By Dayna Farrington | Oldbury | Crime | Published:

Nine men from the Black Country and Wyre Forest have been sentenced for their roles in county lines drug dealing.

Top: Mark Barnett, Ryan Barnett, Terrelle White. Middle: Gordon Deen, Tyrone Crowley, Scott Winfield. Bottom: Callum Hill, Jamal Pottinger, Rennell Smith

The men were all found guilty following a two-week trial at Worcester Crown Court of conspiracy to supply Class A drugs in the Wyre Forest area.

In November 2017, officers from Kidderminster's Integrated Offender Management (IOM) team responded to intelligence that men from Bilston, Smethwick, Wednesbury and Oldbury were involved in county lines drug dealing in the Wyre Forest area. County lines drug dealing involves gangs transporting drugs from bigger cities into smaller towns.

The intelligence gathered suggested that the group, which was led by Mark Barnett and Ryan Barnett, had been operating in the Wyre Forest area for some time and had been conspiring together to form a commercial enterprise – whereby they played their respective parts in sourcing, distributing and selling heroin and crack cocaine.

Officers from the IOM team, with support from local policing teams and West Midlands Police, stopped a number of vehicles in the Wyre Forest, Oldbury and Stourbridge areas which led to the arrest of the men, who were later charged and remanded in custody.

The nine men were all sentenced at Worcester Crown Court on September 27, following the West Mercia Police investigation.

Mark Barnett, 25, of Church Green, in Bilston, was sentenced to nine years and five months for conspiracy to supply class A drugs (heroin and cocaine), while Ryan Barnett, 23, of Salop Road, in Oldbury, was jailed for seven years and one month after being found guilty of the same charge.

Jamal Pottinger, 29, of Romsley Road, in Oldbury, and Rennell Smith, 26, of Lower High Street, in Wednesbury, were both found guilty of conspiracy to supply class A drugs (heroin and cocaine) and were both sentenced to three years and six months each.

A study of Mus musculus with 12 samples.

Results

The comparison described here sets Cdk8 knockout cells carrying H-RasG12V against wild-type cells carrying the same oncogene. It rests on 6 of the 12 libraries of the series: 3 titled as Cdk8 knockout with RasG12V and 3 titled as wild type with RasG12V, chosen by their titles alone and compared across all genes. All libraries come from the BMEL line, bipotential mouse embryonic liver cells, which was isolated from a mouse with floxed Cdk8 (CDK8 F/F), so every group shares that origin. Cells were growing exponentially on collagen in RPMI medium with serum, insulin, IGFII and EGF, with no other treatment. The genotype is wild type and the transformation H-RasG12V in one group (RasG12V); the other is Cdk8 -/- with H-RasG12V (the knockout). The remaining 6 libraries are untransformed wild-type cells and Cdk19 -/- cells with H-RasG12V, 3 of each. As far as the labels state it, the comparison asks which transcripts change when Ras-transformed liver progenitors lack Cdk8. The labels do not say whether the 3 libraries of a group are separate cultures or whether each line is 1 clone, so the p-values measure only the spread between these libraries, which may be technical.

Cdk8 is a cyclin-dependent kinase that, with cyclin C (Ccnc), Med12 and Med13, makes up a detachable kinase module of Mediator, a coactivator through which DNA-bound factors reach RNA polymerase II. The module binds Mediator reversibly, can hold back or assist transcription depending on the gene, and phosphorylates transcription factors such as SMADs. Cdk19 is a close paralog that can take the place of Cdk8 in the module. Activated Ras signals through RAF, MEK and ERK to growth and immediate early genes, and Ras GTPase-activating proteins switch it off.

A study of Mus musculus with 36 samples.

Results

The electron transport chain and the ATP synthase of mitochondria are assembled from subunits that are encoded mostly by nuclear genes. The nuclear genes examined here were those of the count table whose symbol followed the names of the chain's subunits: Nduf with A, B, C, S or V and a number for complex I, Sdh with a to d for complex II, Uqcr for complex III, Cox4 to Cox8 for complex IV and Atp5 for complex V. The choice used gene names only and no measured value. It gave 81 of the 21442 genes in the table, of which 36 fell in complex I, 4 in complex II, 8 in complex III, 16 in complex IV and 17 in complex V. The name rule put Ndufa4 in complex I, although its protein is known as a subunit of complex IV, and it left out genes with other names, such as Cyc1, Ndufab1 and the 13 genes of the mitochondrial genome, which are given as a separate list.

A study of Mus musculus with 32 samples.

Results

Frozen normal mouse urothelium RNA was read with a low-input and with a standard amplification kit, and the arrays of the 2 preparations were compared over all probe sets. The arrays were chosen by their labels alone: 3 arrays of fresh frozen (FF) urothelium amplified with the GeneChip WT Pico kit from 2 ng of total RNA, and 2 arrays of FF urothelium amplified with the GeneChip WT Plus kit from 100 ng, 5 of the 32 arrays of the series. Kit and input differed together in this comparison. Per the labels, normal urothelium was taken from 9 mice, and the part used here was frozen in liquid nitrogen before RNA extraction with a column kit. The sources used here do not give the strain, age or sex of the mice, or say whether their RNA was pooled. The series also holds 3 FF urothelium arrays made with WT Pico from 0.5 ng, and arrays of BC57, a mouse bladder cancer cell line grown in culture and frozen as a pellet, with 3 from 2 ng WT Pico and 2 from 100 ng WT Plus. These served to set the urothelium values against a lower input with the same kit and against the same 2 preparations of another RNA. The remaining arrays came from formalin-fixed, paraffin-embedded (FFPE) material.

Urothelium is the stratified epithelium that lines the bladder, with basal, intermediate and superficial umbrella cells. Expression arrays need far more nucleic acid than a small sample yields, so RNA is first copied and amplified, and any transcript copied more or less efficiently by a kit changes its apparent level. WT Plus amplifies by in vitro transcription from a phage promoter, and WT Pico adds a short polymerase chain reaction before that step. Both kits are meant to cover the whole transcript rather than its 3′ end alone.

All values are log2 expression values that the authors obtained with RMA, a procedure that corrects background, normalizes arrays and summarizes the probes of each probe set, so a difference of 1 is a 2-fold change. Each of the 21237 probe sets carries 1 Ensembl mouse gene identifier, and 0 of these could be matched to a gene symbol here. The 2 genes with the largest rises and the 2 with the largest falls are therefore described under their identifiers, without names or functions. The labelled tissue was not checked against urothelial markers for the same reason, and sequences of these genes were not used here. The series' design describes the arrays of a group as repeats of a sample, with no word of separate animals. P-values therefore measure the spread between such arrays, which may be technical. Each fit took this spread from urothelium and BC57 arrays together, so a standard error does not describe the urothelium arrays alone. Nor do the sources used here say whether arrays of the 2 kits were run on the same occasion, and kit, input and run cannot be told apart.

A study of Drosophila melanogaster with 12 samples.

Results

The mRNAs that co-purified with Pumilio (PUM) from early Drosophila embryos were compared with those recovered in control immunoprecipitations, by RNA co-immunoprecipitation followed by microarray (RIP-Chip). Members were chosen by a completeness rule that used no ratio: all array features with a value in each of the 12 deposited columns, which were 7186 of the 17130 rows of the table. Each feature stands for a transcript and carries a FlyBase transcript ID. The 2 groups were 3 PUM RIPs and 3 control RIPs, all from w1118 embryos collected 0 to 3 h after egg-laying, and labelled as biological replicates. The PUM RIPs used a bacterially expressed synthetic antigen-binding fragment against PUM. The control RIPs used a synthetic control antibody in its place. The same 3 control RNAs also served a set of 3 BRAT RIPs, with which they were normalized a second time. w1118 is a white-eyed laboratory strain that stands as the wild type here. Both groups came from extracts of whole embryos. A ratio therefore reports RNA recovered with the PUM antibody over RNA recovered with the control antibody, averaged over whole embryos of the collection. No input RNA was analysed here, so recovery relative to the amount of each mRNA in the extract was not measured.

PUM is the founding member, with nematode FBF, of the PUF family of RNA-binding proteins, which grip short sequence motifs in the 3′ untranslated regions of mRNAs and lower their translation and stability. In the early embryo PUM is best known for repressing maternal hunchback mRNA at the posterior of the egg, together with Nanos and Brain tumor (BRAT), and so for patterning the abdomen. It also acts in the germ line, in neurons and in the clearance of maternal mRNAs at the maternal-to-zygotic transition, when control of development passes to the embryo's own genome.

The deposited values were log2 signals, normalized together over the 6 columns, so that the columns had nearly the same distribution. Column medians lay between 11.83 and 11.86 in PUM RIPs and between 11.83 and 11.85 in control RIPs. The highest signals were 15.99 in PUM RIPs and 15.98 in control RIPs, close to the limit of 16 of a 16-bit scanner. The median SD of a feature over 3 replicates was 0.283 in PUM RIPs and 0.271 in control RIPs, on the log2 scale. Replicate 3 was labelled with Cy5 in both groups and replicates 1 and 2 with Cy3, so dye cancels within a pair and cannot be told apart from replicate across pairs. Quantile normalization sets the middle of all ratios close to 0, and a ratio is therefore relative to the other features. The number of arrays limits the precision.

Gordon Deen, 35, of Addenbrooke Road, in Smethwick, was sentenced to three years and four months in prison, disqualified from driving for 12 months and ordered to take an extended driving test after being found guilty of conspiracy to supply class A drugs (heroin and cocaine) and dangerous driving.


Callum Hill, 26, of Longbank Road, in Oldbury, was sentenced to three years and 11 months in prison after being found guilty of conspiracy to supply class A drugs (heroin and cocaine).

Scott Winfield, 43, of Queensway, in Bewdley, was jailed for three years and seven months in prison and disqualified from driving for 12 months after being found guilty of conspiracy to supply Class A drugs (heroin and cocaine) and dangerous driving.

And Tyrone Crowley, 24, of Thompson Road, in Oldbury, was jailed for four years in prison and disqualified from driving for 12 months extended by two years until an extended driving test is completed after being found guilty of conspiracy to supply class A drugs (heroin and cocaine) and dangerous driving.


Investigating officer Detective Constable Anthony Flannagan from West Mercia Police said: "This was a protracted investigation led by the North Worcestershire Integrated Offender Management (IOM) Team which saw officers carry out a series of proactive interventions where seizures and arrests were made.

“A number of these incidents were aggravated through dangerous driving, offenders failing to stop for police, damage being caused to police vehicles, and the recovery of knives from offenders’ vehicles.

"A significant seizure of class A drugs was also made, which has prevented a possible large-scale county lines supply developing within our county.

“I hope this case highlights how seriously we treat these offences and sends out a warning to drug dealers who think they can come into our county to deal drugs that we are targeting them, and will work tirelessly to ensure they are brought to justice.”

Dayna Farrington

By Dayna Farrington
Senior reporter based at Wolverhampton

Reporter for the Express & Star based at Wolverhampton.